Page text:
Scientists from the Japanese space agency JAXA spotted two large red rocks in the asteroid belt between Mars and Jupiter that should not be there. The rocks have been described as having organic matter on their surfaces that could have come from an area past Neptune. That’s a long distance away from the asteroid belt, so how did they get there?
When our Solar System first formed around 4.5 billion years ago, it was very disorderly with tons of space rocks flying around – most of which ended up in the asteroid belt between Mars and Jupiter. But two of those rocks, which JAXA astronomers have named 203 Pompeja and 269 Justitia, are quite peculiar and very different from other rocks in the belt. Measuring 70 miles and 30 miles across, they were found orbiting approximately 2.7 and 2.6 times the distance of Earth to our sun.
The rock named 203 Pompeja looks as though it is structurally intact, while 269 Justitia appears as though it is just a piece of a once-larger object. Based on the stability of their circular orbits, it is believed that they have been in the asteroid belt for a very long time.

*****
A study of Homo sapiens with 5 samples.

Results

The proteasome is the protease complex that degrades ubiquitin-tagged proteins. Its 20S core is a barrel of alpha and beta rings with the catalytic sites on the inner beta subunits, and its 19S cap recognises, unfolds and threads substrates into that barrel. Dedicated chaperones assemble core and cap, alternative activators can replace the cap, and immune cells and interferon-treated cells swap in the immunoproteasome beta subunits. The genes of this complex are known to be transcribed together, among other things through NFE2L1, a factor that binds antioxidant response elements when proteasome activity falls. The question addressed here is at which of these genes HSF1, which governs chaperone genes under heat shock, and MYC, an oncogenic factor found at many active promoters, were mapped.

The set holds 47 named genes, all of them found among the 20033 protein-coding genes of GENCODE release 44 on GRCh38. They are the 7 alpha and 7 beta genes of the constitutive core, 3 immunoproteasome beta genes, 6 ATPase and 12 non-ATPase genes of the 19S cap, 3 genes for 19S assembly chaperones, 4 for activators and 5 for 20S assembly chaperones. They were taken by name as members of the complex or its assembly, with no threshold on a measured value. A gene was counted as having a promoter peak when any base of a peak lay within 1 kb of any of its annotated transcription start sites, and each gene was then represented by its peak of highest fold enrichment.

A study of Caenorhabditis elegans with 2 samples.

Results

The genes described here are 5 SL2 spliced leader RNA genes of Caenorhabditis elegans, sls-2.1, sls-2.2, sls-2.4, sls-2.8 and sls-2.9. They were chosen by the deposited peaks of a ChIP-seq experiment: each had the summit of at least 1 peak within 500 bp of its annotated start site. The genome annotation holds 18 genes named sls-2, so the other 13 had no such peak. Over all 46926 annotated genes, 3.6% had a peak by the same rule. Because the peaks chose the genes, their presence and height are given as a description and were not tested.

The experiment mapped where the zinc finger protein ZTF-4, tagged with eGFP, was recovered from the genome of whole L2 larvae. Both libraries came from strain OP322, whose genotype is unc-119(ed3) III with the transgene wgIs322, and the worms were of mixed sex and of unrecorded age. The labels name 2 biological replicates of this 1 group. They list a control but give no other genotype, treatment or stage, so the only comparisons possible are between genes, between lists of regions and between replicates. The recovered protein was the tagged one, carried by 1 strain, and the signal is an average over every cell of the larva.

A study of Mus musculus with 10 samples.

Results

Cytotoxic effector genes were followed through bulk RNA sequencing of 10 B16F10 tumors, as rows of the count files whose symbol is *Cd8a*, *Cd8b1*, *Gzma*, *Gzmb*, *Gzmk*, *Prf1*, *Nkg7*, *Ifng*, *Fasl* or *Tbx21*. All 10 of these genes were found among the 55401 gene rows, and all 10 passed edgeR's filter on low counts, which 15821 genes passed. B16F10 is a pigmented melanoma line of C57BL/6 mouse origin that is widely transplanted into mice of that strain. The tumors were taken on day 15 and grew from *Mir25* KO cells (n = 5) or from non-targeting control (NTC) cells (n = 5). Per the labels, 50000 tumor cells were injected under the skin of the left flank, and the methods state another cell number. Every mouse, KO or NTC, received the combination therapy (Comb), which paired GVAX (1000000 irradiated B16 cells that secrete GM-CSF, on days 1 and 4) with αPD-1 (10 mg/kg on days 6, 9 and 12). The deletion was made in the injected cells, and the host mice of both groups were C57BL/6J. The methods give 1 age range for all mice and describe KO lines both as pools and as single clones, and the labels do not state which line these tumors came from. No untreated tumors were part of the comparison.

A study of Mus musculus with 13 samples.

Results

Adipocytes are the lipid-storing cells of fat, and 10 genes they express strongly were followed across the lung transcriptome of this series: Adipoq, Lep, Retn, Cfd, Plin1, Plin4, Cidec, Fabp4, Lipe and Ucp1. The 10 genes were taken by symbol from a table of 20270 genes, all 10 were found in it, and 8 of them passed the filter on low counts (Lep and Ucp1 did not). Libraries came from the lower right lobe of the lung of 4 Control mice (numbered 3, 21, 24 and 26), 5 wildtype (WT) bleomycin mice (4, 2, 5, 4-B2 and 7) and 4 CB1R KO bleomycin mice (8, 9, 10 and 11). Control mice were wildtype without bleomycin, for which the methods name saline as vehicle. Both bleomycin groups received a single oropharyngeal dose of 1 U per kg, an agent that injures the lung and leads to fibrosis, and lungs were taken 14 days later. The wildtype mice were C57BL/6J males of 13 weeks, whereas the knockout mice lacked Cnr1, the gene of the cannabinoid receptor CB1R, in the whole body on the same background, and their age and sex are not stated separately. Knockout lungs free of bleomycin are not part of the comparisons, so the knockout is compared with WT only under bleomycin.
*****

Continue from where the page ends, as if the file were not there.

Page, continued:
It was their red coloration that really caught the attention of astronomers as they are the only two red rocks in the asteroid belt. Space rocks that are located in the inner part of our Solar System reflect more of a blue light, while those in the outer areas are red due to a large amount of organic matter.
In an interview with The New York Times, MIT's Michaël Marsset described the organic matter on the rocks by explaining, “In order to have these organics, you need to initially have a lot of ice at the surface,” adding, “So they must have formed in a very cold environment. Then the solar irradiation of the ice creates those complex organics.”
As for how they ended up in the asteroid belt, there are several different theories such as when Jupiter traveled inwards while Saturn, Uranus and Neptune moved outwards over hundreds of millions of years, some space rocks (possibly bits of planets) were thrown all over the place and ended up in the asteroid belt. If this is correct, this would provide astronomers with proof of planetary migration during our Solar System’s early years.
The research was published in The Astrophysical Journal Letters where it can be read in full.